Liver and Renal Function Tests in Artisans Occupationally Exposed to Lead in Mechanic Village in Nnewi, Nigeria

1
Department of Chemical Pathology, College of Medicine, University of Ibadan, Nigeria
2
Toxicology Unit, Department of Pharmacology, College of Health Sciences, Nnamdi Azikiwe University, P.M.B 5001, Nnewi, Anambra State, Nigeria
3
Dept of Human Biochemistry, College of Health Sciences, Nnamdi Azikiwe University, P.M.B 5001, Nnewi, Anambra State, Nigeria
*
Author to whom correspondence should be addressed.
Received: 10 September 2003 / Accepted: 25 January 2004 / Published: 29 February 2004

Additives in petroleum solvents have been reported to have adverse health implications. An evaluation study on some toxicological effects of occupational exposure to petroleum products (especially petrol which contains tetraethyl lead) amongst twenty five occupationally exposed artisans and twenty five graduate students of College of Health Sciences, Nnamdi Azikiwe University, Nnewi, Nigeria as controls, was carried out using the following biochemical markers: electrolytes, urea, uric acid, inorganic phosphorus, creatinine, zinc and blood lead, as well as the activities of alanine and aspartate aminotransferases, and alkaline phosphatase. The results showed that occupational exposure of human subjects to lead in petrol increases the concentrations of uric acid (357 ± 123μ mol/L) and phosphate (1.5 ± 0.5m mol/L) in exposed subjects compared with unexposed subjects (uric acid 228 ± 105μ mol/L, phosphate 1.2 ± 0.41m mol/L; p < 0.01 in both cases). Significantly lower activities were observed for alkaline phosphatase (66 ± 18.9 iu/L). The activities of alanine aminotransferase (11.4 ± 4.0 iu/L) and aspartate aminotransferase (15.8 ± 4.4 iu/L) in occupationally exposed artisans were higher compared with unexposed subjects (alkaline phosphatase = 78 ± 22.4 iu/L alanine aminotranferase = 6.8 ± 2.7 iu/L, aspartate aminotranferase = 9.6 ± 3.5i u/L; p < 0.01 in all cases). Occupational exposure of human subjects to lead significantly increased blood lead (59.6 ± 15.9 μg/dL) and decreased plasma zinc (71.3 ± 14.4 μg/L) in exposed compared with unexposed subjects (blood lead = 35 ± 7 μg/dL, zinc = 108.4 ± 16.9 μg/dL; p < 0.01). The results indicate that occupational exposure to lead in petrol may compromise liver and renal function.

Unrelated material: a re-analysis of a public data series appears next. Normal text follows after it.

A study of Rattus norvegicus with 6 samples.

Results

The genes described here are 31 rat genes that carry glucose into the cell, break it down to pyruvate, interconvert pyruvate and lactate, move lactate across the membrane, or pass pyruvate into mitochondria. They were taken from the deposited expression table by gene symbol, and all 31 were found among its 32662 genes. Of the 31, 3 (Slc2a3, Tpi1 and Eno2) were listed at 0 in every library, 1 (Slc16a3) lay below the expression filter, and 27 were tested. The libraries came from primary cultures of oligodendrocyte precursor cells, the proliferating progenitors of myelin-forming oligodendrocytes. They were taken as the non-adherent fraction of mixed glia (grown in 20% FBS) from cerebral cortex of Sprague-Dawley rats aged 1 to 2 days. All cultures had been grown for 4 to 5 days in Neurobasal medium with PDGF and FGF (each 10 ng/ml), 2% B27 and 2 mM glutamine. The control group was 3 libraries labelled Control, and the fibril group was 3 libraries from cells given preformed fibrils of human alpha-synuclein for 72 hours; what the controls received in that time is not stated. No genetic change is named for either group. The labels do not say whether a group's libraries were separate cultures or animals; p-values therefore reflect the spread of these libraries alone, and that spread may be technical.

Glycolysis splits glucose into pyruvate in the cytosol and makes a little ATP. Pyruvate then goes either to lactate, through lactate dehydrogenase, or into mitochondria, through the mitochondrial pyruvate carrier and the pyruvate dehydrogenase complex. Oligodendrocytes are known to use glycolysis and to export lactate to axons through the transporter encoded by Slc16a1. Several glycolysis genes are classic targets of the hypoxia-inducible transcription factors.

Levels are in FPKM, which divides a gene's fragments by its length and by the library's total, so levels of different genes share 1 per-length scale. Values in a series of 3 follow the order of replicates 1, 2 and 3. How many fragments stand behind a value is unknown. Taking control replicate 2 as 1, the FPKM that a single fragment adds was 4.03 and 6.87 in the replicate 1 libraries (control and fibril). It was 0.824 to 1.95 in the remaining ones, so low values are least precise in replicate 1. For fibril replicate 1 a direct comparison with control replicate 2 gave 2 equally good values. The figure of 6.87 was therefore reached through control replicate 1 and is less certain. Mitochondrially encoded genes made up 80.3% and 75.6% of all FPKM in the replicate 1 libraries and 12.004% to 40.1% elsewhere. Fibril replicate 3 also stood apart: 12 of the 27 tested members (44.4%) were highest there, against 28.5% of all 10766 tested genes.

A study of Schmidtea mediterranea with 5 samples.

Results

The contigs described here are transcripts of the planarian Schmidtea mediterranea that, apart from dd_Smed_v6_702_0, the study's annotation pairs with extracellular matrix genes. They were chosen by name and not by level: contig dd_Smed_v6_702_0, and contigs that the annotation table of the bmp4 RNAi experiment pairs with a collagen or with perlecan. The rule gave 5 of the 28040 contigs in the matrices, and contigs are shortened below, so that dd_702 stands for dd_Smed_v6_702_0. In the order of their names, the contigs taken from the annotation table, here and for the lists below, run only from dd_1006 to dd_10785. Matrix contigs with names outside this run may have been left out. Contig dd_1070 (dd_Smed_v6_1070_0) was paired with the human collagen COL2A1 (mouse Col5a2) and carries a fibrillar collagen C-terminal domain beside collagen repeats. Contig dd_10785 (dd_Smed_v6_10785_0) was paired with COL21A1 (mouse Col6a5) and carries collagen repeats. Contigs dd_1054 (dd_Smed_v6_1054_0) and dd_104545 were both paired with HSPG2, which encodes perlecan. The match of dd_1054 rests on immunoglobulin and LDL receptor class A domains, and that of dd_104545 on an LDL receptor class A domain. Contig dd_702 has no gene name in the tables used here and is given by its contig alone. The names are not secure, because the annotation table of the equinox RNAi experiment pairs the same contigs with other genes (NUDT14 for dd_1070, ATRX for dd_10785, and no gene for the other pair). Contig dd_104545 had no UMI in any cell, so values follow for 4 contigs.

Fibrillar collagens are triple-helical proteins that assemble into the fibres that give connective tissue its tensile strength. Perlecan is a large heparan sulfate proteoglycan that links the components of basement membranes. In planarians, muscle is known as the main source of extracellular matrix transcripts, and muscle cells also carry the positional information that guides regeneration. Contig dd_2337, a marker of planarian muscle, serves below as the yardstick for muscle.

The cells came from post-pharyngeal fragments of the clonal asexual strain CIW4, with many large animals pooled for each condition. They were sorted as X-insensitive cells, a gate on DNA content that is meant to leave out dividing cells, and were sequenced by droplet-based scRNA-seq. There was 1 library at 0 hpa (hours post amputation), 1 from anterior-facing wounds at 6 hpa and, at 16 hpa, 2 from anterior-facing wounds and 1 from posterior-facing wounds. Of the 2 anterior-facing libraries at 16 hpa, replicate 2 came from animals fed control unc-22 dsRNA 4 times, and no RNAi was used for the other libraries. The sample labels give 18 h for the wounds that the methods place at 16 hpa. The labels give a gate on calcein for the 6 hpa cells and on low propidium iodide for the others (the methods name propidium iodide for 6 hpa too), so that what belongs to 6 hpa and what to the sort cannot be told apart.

Keywords: Nigeria; Artisans; petrolium; lead; liver; kidney; biomarkers Nigeria; Artisans; petrolium; lead; liver; kidney; biomarkers
This is an open access article distributed under the Creative Commons Attribution License (CC BY 3.0).


Dioka, C.E.; Orisakwe, O.E.; Adeniyi, F.A.; Meludu, S.C. Liver and Renal Function Tests in Artisans Occupationally Exposed to Lead in Mechanic Village in Nnewi, Nigeria. Int. J. Environ. Res. Public Health 2004, 1, 21-25.